Bailed Out Auto Industry Sending Jobs Overseas: Will Small Businesses Suffer the Same Fate?

The U.S. Department of Labor this morning reported that the American economy shed 539,000 jobs in April, bringing the unemployment rate to 8.9 percent. Total job losses since the recession began in December 2007 stand at 5.7 million.

At the same time, The Washington Post is now reporting that beleaguered U.S. automaker General Motors plans to ship many of the company’s planned new jobs overseas:  

“The U.S. government is pouring billions into General Motors in hopes of reviving the domestic economy, but when the automaker completes its restructuring plan, many of the company's new jobs will be filled by workers overseas.

“According to an outline the company has been sharing privately with Washington legislators, the number of cars that GM sells in the United States and builds in Mexico, China and South Korea will roughly double. …

“As a result, the long-simmering argument over U.S. manufacturers expanding production overseas -- normally arising between unions and private companies -- is about to engage the Obama administration.”

Whoriskey, “Under Restructuring, GM To Build More Cars Overseas,” The Washington Post, 05.08.09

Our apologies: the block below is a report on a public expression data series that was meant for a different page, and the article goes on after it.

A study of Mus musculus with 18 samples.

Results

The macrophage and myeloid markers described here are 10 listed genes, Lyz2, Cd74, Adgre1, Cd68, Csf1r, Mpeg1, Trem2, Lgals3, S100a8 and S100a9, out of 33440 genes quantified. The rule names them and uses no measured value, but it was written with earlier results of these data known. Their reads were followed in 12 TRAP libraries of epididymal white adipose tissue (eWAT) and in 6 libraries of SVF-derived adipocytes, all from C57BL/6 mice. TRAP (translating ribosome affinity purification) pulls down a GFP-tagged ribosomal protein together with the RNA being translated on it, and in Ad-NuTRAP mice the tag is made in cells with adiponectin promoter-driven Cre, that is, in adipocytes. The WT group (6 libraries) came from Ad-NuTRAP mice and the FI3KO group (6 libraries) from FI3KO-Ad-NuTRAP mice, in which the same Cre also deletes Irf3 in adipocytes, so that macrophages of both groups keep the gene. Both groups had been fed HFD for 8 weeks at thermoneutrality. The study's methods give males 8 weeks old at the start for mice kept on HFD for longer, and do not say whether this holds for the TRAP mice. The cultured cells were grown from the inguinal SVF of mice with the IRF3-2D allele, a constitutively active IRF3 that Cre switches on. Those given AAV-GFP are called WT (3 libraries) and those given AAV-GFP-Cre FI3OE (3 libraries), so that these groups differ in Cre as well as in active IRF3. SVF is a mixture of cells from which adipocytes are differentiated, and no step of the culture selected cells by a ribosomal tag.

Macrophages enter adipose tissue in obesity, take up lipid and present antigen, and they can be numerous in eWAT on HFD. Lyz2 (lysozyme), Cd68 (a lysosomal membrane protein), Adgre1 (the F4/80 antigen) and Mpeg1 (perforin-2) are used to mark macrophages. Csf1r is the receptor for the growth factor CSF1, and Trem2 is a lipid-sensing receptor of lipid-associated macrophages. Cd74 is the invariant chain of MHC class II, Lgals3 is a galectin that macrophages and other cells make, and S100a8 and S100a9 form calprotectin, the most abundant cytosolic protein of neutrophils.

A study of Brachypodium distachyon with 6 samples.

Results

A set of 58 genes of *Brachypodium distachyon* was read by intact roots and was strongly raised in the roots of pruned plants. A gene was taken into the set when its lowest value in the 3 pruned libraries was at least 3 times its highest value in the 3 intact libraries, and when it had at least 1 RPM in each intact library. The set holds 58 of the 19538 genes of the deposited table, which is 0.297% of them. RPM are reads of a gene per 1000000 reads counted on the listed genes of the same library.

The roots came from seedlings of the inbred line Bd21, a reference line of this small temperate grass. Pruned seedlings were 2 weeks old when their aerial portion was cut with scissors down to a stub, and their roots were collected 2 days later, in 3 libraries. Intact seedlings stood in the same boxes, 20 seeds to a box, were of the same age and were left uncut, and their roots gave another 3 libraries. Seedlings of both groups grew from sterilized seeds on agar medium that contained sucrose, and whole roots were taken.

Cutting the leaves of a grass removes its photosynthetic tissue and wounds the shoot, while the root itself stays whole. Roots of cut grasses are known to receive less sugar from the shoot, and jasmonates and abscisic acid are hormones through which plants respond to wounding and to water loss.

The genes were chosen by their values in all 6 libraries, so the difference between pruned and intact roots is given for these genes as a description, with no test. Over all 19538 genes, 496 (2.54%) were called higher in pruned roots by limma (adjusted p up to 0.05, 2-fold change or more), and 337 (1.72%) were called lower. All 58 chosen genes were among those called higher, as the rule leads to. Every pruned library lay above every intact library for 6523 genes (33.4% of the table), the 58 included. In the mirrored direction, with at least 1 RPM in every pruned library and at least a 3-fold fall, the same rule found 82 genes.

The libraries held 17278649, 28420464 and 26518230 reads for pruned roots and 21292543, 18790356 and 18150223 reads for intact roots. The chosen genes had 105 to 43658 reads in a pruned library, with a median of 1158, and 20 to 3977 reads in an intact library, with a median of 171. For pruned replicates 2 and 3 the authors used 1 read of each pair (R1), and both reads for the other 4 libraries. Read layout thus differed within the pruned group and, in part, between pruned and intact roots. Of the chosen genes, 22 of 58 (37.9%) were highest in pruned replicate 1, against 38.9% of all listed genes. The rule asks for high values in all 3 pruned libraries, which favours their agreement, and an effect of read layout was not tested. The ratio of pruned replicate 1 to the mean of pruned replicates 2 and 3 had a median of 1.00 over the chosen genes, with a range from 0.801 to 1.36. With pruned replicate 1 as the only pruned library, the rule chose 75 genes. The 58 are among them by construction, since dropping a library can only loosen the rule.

There are plenty of reasons GM may be sending jobs overseas, but it’s impossible to ignore their notoriously costly and complex labor contracts as a factor in that decision. And it’s impossible not to wonder if small businesses would suffer a similar fate in an economy dictated by the rigid mandates of the card check plan.

A report released earlier this year calculated the economic cost of card check, examining how similar policies in Canada led to job losses and reduced productivity, among other negative consequences. An abstract of the report, “An Empirical Assessment of the Employee Free Choice Act: The Economic Implications,” explains— 

“The precise effect on unemployment will depend on the degree to which EFCA increases union density, but for every 3 percentage points gained in union membership through card checks and mandatory arbitration, the following year's unemployment rate is predicted to increase by 1 percentage point and job creation is predicted to fall by around 1.5 million jobs. Thus, if EFCA passed today and resulted in an increase in unionization from the current rate of about 12% to 15%, then unionized workers would increase from 15.5 to 19.6 million while unemployment a year from now would rise by 1.5 million, to 10.4 million. If EFCA were to increase the percentage of private sector union membership by between 5 and 10 percentage points, as some have suggested, my analysis indicates that unemployment would increase by 2.3 to 5.4 million in the following year and the unemployment rate would increase by 1.5 to 3.5 percentage points in the following year.”

Layne-Farrar, “An Empirical Assessment of the Employee Free Choice Act: The Economic Implications,” March 2009 

The last thing American workers need is an economic policy that will destroy more jobs and drive the unemployment rate up even further. Whether it’s the card check component of the bill – which does away with secret ballots – or the forced government contracts – which put federal bureaucrats squarely in charge of wages, benefits, and work rules – card check is bad news for an already struggling economy.